Reprinted without permission from KERRANG!, April 14, 1990

by Phil Wilding

Riverside, Newcastle Upon Tyne

"Everyone say 'Fish!' After three, 1-2-3, fish!!"

Soundgarden's Chris Cornell shrugs off the largely indifferent reaction and butts his way into Hands All Over. Snapped heads and sheets of hair struggle through the words of ecological salvation: Put your hands away/you're gonna kill your mother, kill your mother/And I love her.

Soundgarden are the thinking men of grunge. Scholarly hotheads not without a sense of humour. Their sound, through a remarkably poky PA, lets the distant swell of feedback and distortion rumble as a constant, steeling their musical edge into ragged peaks.

Loud Love is uglier than incest, more commanding than religion. Struck out in filthy hammer blows, the first stage-diver flops off awkwardly to it. Cornell takes his cue, standing momentarily on his monitor then toppling quickly into the crowd. He's instantly swamped, then dragged back to the stage, only to jump straight back off as soon as he reaches it. Oh, the place was simply jumping.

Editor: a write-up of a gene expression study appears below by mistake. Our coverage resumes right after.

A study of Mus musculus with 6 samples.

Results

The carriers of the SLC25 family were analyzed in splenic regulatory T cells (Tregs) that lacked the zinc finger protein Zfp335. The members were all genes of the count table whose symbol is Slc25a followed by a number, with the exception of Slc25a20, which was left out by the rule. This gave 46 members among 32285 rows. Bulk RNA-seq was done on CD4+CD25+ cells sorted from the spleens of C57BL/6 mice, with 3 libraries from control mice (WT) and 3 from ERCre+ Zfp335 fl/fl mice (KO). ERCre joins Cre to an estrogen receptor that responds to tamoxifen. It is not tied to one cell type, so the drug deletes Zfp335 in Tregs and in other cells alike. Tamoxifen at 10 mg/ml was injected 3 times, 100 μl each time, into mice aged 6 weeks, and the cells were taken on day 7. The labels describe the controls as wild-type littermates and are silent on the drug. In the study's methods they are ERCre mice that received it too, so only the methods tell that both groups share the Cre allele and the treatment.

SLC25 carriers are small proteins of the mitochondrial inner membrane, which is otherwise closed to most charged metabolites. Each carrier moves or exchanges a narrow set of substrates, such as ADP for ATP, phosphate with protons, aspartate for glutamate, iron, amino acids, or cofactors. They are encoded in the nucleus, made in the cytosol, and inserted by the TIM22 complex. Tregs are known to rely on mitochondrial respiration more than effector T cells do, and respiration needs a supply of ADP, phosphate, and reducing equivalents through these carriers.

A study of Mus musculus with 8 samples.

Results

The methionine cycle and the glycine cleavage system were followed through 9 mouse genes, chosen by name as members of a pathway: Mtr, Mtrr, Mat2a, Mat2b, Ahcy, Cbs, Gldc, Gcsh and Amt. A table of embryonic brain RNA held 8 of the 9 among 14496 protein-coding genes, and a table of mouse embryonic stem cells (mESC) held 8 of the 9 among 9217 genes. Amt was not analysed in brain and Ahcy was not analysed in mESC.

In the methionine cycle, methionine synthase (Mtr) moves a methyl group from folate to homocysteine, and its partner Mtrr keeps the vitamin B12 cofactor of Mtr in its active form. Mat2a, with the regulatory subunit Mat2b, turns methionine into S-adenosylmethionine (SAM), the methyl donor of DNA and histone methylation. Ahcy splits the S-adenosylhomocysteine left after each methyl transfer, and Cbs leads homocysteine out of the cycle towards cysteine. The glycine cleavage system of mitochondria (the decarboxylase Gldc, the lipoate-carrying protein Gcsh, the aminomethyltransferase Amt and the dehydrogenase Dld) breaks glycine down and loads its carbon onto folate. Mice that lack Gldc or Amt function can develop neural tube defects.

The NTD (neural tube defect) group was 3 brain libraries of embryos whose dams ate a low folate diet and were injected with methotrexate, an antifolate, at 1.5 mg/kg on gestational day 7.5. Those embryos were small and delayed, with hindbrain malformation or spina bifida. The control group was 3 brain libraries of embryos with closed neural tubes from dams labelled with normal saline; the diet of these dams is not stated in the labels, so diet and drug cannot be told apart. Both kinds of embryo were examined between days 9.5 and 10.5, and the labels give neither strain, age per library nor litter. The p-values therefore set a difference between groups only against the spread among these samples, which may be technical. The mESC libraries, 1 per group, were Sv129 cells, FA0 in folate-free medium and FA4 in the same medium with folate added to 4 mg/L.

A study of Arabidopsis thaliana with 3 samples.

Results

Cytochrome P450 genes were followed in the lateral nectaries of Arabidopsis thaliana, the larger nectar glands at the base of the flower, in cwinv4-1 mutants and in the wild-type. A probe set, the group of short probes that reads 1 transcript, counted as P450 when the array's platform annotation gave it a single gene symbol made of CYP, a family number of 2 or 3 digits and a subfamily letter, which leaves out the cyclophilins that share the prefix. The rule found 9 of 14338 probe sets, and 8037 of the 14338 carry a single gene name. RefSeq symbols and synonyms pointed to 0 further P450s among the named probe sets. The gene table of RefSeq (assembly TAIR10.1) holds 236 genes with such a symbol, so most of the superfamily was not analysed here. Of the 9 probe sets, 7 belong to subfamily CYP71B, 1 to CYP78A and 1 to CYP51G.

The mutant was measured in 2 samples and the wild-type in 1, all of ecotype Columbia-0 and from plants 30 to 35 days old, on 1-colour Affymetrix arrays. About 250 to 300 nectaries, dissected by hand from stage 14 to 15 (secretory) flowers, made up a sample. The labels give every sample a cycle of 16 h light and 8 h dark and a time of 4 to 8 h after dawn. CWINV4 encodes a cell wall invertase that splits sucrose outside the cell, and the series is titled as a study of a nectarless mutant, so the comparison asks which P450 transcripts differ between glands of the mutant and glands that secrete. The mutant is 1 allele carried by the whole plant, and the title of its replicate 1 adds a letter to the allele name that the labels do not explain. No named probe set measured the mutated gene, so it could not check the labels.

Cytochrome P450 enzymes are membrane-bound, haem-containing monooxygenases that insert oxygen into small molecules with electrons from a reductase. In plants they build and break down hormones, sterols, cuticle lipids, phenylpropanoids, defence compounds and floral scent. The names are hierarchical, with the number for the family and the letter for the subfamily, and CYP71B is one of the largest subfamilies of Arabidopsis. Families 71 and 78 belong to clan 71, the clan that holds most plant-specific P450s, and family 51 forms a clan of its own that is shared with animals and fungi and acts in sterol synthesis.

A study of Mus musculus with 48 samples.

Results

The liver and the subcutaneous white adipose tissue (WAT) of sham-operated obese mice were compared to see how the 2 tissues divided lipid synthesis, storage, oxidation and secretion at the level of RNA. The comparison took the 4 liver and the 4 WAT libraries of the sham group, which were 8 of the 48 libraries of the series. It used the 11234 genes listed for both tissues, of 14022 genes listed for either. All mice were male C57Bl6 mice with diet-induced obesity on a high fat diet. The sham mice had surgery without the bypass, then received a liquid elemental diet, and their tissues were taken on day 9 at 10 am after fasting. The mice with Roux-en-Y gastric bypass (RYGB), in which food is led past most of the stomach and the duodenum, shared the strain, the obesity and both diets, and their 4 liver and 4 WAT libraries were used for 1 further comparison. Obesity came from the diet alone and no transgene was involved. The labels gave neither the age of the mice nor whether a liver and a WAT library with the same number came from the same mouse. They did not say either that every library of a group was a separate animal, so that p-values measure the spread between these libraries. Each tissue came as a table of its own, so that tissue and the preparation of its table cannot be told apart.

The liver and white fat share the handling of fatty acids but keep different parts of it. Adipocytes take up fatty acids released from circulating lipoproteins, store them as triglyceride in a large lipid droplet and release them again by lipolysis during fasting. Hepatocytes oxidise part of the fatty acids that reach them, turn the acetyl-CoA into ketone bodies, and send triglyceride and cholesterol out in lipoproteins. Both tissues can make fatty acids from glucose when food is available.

Spinal Tap's Big Bottom is played straight, no trace of irony or humour, though its sound is transformed to the heavy pulse of Soundgarden, full of punch and fluster, perfect in its execution.

Big Dumb Sex is all bare chest and giggles, pointing an accusatory finger at the spandex, love pump, big shove outfits peddling more entendres than Finbarr Saunders. 'I'm gonna f**k, f**k, f**k, f**k you/ F**k you I'm gonna'

Straightforward, louder than love, stronger than hate. Soundgarden are the full force f**king machine, and they're coming right at you.